London's hospitals and area researchers are getting seven new CT scanners thanks in part to a new partnership with Canon Medical Systems Canada.
The deal between the imaging giant, Western University, London Health Sciences Centre, and St. Joseph’s Health Care London was announced Tuesday. Through the partnership, Canon will give area scientists a $4.5 million dedicated research CT, Angio Suite, and a portable ultrasound machine to be used for medical imaging research.
Six new clinical CTs will be installed at London's hospitals - two at University Hospital, three at Victoria Hospital, and one at St. Joseph's Health Care.
“London has an international reputation as a leader in medical imaging, and today we are celebrating a partnership that will build on that foundation of imaging excellence,” said Dr. Narinder Paul, chief of the Department of Medical Imaging at Western’s Schulich School of Medicine & Dentistry, LHSC and St. Joseph’s. “Thanks to Canon’s investment, we will, for the first time, have the same CT equipment being used for patient care as we are using for research.”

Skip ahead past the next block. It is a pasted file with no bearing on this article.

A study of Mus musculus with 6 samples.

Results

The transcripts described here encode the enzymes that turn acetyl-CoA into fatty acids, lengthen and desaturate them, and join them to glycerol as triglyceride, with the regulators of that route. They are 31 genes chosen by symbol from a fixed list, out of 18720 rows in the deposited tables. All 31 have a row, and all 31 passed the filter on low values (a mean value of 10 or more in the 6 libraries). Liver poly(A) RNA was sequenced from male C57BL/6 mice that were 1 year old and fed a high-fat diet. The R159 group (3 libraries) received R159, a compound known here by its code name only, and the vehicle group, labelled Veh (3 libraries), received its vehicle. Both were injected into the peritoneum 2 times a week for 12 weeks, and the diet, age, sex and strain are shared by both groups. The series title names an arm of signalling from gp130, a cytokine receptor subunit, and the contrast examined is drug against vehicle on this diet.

Being able to mirror the equipment that is used clinically means research findings can more quickly and readily be applied to patient care, according to Western officials. Researchers will use the new CT to find ways to improve patient safety through lower radiation doses and developing faster and more detailed imaging techniques.
A training academy and a Canon Medical National Centre of Excellence in London will also be established centering around the research CT. As new protocols are developed and validated at the London site, hands-on training will be provided for medical imaging teams from across Ontario, Canada, and the world.
“We expect this training to attract interest from medical learners and professionals internationally, and we will welcome them to London to learn from our clinical and research leaders," Acting Dean of Western's medical school Dr. Davy Cheng said in a statement.
CT scanners provide essential imaging for most medical and surgical emergencies and are the standard of care for routine assessment and evaluation of patients with a wide range of conditions including many cancers.